When we set out on our hiking and camping trips, we know that we need to carry plenty of water, but on longer excursions, it just may be physically impossible to take all the water we will need. We also need to be prepared if, GOD Forbid, we become stranded for any reason. We simply MUST have water – as a general rule of thumb, that would be one liter of water for every 2 hours we are on the trail. In this post, we will discover the steps needed to filter and purify water from the great outdoors.
Here is a list of 5 efficient ways to purify and filter the water we come in contact with in nature:
The UV Method
Boiling water is an easy and almost foolproof way to purify water. All we have to do is collect the water, preferably from a running water source. If we must get water from a still body of water, we should retrieve it from the top only, as the bottom is where most of the sediment, silt, and contaminants will be lurking. Place the water on a camp stove, and let it come to a rolling boil for at least one minute. If we happen to be at altitudes above 6,562 feet, we need to let the water boil for at least three minutes. This is due to the lower air pressure, resulting in water taking less time to reach the boiling point. This simply means that water will boil at a lower temperature than usual, but the boiling time needs to be increased to fully purify the water.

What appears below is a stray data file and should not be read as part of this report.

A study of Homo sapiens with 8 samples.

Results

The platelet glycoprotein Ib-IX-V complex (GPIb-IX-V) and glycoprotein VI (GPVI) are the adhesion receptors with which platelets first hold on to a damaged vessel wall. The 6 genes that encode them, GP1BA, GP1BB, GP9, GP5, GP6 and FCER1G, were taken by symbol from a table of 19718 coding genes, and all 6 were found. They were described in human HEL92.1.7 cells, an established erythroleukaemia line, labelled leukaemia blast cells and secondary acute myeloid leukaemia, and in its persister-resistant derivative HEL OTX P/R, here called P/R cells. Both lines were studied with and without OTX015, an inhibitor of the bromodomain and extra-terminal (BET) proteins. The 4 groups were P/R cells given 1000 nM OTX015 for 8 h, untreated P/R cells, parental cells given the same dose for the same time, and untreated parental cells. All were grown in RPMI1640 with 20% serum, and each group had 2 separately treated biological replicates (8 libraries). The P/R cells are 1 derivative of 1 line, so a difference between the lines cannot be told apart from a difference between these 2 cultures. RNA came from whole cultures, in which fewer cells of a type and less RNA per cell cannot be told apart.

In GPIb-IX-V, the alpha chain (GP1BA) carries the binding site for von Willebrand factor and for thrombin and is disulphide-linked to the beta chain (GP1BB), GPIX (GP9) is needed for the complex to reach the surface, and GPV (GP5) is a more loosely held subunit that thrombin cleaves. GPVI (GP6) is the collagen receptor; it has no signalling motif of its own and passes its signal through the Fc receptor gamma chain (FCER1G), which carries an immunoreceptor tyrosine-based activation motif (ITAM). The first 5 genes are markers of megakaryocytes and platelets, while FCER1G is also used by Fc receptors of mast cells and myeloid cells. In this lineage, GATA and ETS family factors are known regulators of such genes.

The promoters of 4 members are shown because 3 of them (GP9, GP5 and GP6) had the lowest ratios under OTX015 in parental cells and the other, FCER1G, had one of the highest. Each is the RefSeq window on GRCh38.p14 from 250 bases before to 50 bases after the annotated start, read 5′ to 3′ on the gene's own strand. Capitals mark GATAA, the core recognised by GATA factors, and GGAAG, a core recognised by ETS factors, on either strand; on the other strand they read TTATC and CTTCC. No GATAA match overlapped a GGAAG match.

Boiling our water will kill bacteria, viruses, and protozoa, but it will not remove mud or other particles. We simply need to let the water sit for a little while and wait for the sediment to settle to the bottom of our container. We can then filter the boiled water by pouring it through a clean piece of clothing to remove larger solid particles.
If we go with chemically treating our gathered water, we have two options:
Chlorine – Available in tablet form. We simply drop the tablets in our water, then let it sit for 15 minutes.
Iodine – Available in tablet, crystal, or tincticure form. It works the same way as chlorine; add it to our water and let it sit for 15 minutes. One Very Important Safety Factor – Iodine Should Not be used by pregnant women, or by anyone that has thyroid problems!!
For both of chemical treatments, it is best to pre-filter the water to help remove any dirt and free-floating particles. The drawbacks to chemically treating our water are: the water will not have a very pleasant taste or smell, we will still have heavy metal contamination, pollution, and debris in the water, and over a long period of time, we will be loading our bodies with chemicals.
A water purifier is a combination filter plus chemical compound, or a multiple filter system. They would be our best bet at giving us clean, safe drinking water. To be marked as a water purifier in the U.S., the device must meet or exceed the EPA (Environmental Protection Agency) Guide Standard. EPA-registered devices must kill 99.9999% of bacteria, 99.99% of viruses, and 99.9% of protozoa.
Ultraviolet light contains more than enough radiation to destroy DNA in microbes, which will shut down their reproductive abilities, which will give us clean, safe drinking water. It works by passing water through a UV Irradiated chamber to sterilize it. One key thing to remember is to pre-filter the water first to remove sediment, so we don’t obstruct the UV Light. We simply gather our water, and the UV Light will kill any bacteria, protozoa, and viruses present.